MOSCOW (MRC) -- A Liberian-flagged oil tanker set sail in May from Russia's Ust-Luga port carrying crude on behalf of a little-known trading company based in Hong Kong. Before the ship had even reached its destination in India, the cargo changed hands, said Reuters.
The new owner of the 100,000 tons of Urals crude carried on the Leopard I was a similarly low-profile outfit, Guron Trading, also based in Hong Kong, according to two trading sources.
The number of little-known trading firms relied on by Moscow to export large volumes of crude exports to Asia has mushroomed in recent months, since sanctions over the Ukraine war led major oil firms and commodity houses to withdraw from business with producers in Russia, reporting by Reuters has found. At least 40 middlemen, including companies with no prior record of involvement in the business, handled Russian oil trading between March and June, according to a Reuters tally after speaking to 10 trading sources, along with analysts from think-tank Kpler, and analyzing data from Refinitiv and the non-public books of shipping companies.
The new players have shipped at least half of Russia’s overall crude and refined products exports of 6-8 million barrels per day (bpd) on average this year, turning the little-known companies collectively into some of the world's largest oil traders, according to Reuters calculations based on private information from the 10 trading sources and Eikon data.
The companies began appearing after Russia's February 2022 invasion of Ukraine, which Moscow calls a special military operation, with as many as 30 middlemen involved in trades over the course of last year, according to the tally.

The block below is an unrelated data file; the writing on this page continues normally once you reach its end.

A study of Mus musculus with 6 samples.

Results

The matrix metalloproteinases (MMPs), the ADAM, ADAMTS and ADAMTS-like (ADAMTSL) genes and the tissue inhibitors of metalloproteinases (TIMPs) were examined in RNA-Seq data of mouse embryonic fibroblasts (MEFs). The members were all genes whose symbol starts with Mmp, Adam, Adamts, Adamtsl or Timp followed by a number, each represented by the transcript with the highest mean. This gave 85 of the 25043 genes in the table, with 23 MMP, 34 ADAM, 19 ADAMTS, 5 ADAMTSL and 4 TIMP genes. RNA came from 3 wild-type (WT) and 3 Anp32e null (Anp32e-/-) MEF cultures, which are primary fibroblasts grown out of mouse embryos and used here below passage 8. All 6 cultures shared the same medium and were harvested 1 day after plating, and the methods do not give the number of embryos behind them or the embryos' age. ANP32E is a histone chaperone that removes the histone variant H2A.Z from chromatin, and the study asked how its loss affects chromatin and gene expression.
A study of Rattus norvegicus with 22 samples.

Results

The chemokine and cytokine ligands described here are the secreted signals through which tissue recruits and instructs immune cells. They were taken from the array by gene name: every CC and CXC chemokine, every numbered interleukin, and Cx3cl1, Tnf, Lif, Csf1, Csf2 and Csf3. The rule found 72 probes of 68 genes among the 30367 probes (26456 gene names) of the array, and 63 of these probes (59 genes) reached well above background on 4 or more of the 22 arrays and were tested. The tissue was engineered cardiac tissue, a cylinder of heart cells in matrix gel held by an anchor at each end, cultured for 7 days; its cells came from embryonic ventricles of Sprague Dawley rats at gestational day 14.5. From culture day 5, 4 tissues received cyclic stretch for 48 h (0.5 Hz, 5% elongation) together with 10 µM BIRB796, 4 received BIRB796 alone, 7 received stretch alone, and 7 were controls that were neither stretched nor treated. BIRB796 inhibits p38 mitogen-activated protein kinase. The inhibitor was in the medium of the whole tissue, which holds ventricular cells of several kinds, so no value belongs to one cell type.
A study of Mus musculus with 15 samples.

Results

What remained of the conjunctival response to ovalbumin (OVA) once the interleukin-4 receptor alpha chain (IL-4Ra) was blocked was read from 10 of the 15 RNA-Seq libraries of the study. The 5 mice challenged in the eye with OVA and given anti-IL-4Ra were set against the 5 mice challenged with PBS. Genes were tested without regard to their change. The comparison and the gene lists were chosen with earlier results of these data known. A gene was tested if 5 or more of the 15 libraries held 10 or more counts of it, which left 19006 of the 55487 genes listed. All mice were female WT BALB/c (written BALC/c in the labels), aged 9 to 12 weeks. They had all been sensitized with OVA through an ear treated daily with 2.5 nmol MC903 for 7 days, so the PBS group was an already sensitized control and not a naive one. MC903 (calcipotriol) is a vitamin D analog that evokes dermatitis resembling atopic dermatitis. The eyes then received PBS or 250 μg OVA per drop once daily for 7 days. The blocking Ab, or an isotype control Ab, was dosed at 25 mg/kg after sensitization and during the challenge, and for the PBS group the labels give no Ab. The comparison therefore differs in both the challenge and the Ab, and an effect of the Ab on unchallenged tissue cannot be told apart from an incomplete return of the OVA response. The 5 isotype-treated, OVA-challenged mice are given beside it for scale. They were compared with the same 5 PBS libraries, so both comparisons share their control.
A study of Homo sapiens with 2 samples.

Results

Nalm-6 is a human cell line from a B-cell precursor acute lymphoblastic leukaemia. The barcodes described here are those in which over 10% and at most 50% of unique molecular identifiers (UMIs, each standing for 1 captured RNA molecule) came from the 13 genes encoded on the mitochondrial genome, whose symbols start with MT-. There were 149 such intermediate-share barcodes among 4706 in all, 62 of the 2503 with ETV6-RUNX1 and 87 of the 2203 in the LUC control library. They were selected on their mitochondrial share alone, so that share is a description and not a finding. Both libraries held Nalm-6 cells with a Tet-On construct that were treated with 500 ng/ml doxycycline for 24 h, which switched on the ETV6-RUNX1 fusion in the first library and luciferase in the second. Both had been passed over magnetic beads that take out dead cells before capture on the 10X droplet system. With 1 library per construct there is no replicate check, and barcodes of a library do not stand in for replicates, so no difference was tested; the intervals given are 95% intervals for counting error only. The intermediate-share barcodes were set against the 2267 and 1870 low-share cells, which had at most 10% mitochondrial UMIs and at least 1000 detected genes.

The network marks a major departure from the handful of well-established oil majors such as BP and Shell and top trading houses including Vitol, Glencore, Trafigura and Gunvor that handled Russian crude and oil products for decades.
There is no suggestion the trades break sanctions, although they may make it difficult for sanctions enforcement agencies in Europe and the United States to track Russian oil transactions and prices. Earlier this month, Urals prices jumped above a price cap of $60 a barrel on Russian exports imposed by the Group of Seven nations, Australia and the European Union from Dec. 5 that was intended to punish firms involved in any trade above that level.
When prices are above the cap, the rapidly changing trading network could make it hard to identify those involved in moving the oil, five traders involved in handling Russian oil said. The reporting shows that in May, Russia, one of the world's top three oil producers, supplied record volumes to China and India, which have not imposed sanctions on Moscow and became its leading buyers after sanctions by Europe, the United States and other powers limited their own purchases.
Neither Guron Trading or Bellatrix Energy, the company that originally chartered the Leopard I and bought the cargo from Russian oil company Rosneft, responded to requests for comment. Rosneft did not respond to questions. The websites for Guron Trading and Bellatrix Energy appeared to have been taken down recently. Both were online prior to the companies being contacted by Reuters.
We remind, Russia is considering limiting the number of companies allowed to export oil products in a bid to curb illegal exports of fuel intended for the domestic market. The Kommersant newspaper reported earlier that Russia was looking at creating a list of approved refiners to combat so-called "grey exports" of subsidised domestic fuel.